Read full post here...
This blog post is the first of a two-part series in response to the Wired article of Oct 14, 2014, "How Microsoft Appointed Itself Sheriff of the Internet." [McM14] I find some problems with this article that raise questions about the depth of research into some elements of the story, and an appearance of bias in how "unintended consequences" are presented.
[McM14] Robert McMillan. How Microsoft Appointed Itself Sheriff of the Internet. http://www.wired.com/2014/10/microsoft-pinkerton/, October 2014.
I've the pleasure to *finally* unveil the second version of Dorothy: a malware/botnet analysis framework written in Ruby.
Dorothy2 is a framework created for mass malware analysis. Currently, it is mainly based on analyzing the network behavior of a virtual machine where a suspicious executable was executed. However, static binary analysis and system behavior analysis will be shortly introduced in further versions.
On March 4, 2013, a contest was held at the Nullcon conference in Goa, India, to see who could take over a botnet. The Times of India reported that the prize money was provided by an Indian government official and was awarded to the Garage4Hackers team. The co-founder of the Nullcon conference, Antriksh Shah, said "At Nullcon Goa 2013, for the first time in the world the government has come forward and announced a bounty prize of Rs 35,000 to whoever provides critical information on the command and control servers of a malware recently found in one of the government installations in India," and then tweeted, "Dawn of new infosec era. Govt of India announced (and actually paid) first ever bounty (Rs. 35 k) at nullcon to take down a c&c." When asked whether this was a live botnet, or a simulated botnet held within a safe and isolated virtual network where no harm could result, Nullcon tweeted, "it was a live campaign up since a couple of yrs and the malware was found in a gov. Infra."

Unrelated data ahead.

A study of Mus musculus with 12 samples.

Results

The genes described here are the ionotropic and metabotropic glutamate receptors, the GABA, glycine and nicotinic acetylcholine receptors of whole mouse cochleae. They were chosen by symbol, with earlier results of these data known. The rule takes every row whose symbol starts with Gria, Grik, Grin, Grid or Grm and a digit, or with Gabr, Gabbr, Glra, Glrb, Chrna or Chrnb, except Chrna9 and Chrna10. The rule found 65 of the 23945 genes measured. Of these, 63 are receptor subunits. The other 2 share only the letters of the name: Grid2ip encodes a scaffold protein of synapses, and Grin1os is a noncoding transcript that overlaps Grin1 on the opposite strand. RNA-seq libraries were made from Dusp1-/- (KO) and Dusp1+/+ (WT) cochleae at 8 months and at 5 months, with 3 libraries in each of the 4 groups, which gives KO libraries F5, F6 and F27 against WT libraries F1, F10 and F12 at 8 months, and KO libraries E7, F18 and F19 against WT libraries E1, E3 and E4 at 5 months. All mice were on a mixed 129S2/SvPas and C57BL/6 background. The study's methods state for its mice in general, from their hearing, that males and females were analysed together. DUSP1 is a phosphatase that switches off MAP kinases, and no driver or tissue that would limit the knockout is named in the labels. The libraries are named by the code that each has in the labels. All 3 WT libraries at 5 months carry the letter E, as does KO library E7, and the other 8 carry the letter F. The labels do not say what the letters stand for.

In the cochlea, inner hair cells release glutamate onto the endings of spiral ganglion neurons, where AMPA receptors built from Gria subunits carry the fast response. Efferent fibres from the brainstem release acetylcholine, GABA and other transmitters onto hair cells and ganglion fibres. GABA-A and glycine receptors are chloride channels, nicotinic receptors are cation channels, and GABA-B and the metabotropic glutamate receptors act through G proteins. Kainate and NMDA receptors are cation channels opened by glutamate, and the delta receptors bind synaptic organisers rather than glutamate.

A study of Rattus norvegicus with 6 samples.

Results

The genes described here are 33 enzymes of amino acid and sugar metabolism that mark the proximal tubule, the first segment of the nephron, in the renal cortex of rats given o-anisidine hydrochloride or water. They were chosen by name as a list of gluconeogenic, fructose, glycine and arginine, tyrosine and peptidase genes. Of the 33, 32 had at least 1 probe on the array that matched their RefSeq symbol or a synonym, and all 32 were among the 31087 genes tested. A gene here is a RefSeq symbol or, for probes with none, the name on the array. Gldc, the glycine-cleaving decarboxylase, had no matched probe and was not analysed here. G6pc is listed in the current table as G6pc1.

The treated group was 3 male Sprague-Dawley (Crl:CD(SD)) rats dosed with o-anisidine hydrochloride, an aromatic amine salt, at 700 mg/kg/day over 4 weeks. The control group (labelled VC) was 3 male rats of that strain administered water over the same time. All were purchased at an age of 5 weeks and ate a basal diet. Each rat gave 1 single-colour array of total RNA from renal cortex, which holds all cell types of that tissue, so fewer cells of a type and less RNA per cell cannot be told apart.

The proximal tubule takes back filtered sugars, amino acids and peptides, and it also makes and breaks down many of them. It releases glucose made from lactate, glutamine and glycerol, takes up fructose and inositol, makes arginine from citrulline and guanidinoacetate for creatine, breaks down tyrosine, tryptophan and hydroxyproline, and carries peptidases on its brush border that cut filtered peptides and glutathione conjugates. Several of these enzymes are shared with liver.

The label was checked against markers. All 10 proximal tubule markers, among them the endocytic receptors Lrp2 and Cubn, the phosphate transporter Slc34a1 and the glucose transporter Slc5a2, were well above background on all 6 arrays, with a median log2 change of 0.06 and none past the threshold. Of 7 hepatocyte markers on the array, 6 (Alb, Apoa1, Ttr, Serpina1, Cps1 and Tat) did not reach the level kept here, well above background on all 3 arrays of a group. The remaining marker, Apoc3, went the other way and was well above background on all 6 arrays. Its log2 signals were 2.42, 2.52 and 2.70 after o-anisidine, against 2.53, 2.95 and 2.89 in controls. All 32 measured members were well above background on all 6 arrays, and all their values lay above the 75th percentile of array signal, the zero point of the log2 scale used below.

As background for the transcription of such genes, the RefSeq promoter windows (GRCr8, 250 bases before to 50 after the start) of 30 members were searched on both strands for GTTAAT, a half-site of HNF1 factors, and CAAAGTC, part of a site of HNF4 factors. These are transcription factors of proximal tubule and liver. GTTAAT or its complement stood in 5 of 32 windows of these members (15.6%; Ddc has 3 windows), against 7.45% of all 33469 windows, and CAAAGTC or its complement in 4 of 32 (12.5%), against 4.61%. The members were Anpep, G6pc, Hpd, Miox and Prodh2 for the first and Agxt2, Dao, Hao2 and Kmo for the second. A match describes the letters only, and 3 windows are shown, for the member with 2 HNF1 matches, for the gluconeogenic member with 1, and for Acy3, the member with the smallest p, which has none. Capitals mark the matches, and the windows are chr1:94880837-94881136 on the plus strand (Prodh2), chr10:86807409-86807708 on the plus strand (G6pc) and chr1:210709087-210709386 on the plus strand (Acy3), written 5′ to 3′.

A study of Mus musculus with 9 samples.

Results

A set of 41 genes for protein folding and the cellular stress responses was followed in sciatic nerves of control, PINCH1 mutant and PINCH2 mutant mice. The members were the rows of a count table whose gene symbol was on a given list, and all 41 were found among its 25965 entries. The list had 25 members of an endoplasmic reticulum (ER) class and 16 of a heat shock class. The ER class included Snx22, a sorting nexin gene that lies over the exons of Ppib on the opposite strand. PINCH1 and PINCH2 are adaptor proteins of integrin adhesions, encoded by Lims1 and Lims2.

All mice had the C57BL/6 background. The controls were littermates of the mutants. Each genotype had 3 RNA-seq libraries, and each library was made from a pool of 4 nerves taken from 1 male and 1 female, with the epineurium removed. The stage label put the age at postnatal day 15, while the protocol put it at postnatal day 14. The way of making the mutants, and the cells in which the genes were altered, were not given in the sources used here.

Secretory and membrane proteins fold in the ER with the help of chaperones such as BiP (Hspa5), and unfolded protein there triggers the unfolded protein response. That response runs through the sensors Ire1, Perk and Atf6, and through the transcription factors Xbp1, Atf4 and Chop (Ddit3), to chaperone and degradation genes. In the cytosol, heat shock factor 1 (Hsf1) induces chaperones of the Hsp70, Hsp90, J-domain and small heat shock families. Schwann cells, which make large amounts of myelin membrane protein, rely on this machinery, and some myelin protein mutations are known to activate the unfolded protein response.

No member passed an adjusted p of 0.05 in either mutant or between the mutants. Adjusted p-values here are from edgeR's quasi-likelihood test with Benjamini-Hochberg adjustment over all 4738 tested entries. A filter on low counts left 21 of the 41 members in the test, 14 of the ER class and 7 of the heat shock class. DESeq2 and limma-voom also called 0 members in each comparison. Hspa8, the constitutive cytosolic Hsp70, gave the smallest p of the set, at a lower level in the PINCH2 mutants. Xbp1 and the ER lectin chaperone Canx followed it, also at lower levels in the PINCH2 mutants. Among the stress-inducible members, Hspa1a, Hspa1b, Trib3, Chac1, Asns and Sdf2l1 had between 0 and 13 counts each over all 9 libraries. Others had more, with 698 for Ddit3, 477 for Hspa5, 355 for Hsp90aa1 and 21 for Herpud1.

On Wednesday, March 21, 2012, an operation by security experts from Dell SecureWorks, CrowdStrike, Kaspersky, and the Honeynet Project was initiated to sinkhole infected computers in the Kelihos.B/Hlux.B botnet. The objective of this action was to remove from the attacker's control all computers currently infected with the Kelihos.B/Hlux.B malware by poisoning the peer lists and routing tables in the lower layers of command and control. This will prevent the botnet operator from doing any more harm with this set of infected computers.
Control of the botnet with over 129,000 infected hosts was successfully obtained. These bots are no longer in control of the botherder, and, as a result, are no longer involved in sending spam, the primary malicious activity of this botnet. The hosts resided primarily in Poland (24%) and were primarily running the old operating system Windows XP (84%). The command-and-control infrastructure has been abandoned by the gang that was operating the botnet two days after the operation. We can say that the Kelihos.B/Hlux.B botnet was successfully disabled.
For more information, we refer to:
On Sunday, March 25, Microsoft announced that for the fourth time, they had gone to a federal court and successfully obtained an ex parte temporary restraining order (TRO) to seize domain names from botnet operators. For the second time, the court has also ordered U.S. Marshals to accompany Microsoft and others to serve search warrants and seize evidence that can be used in future civil or criminal actions.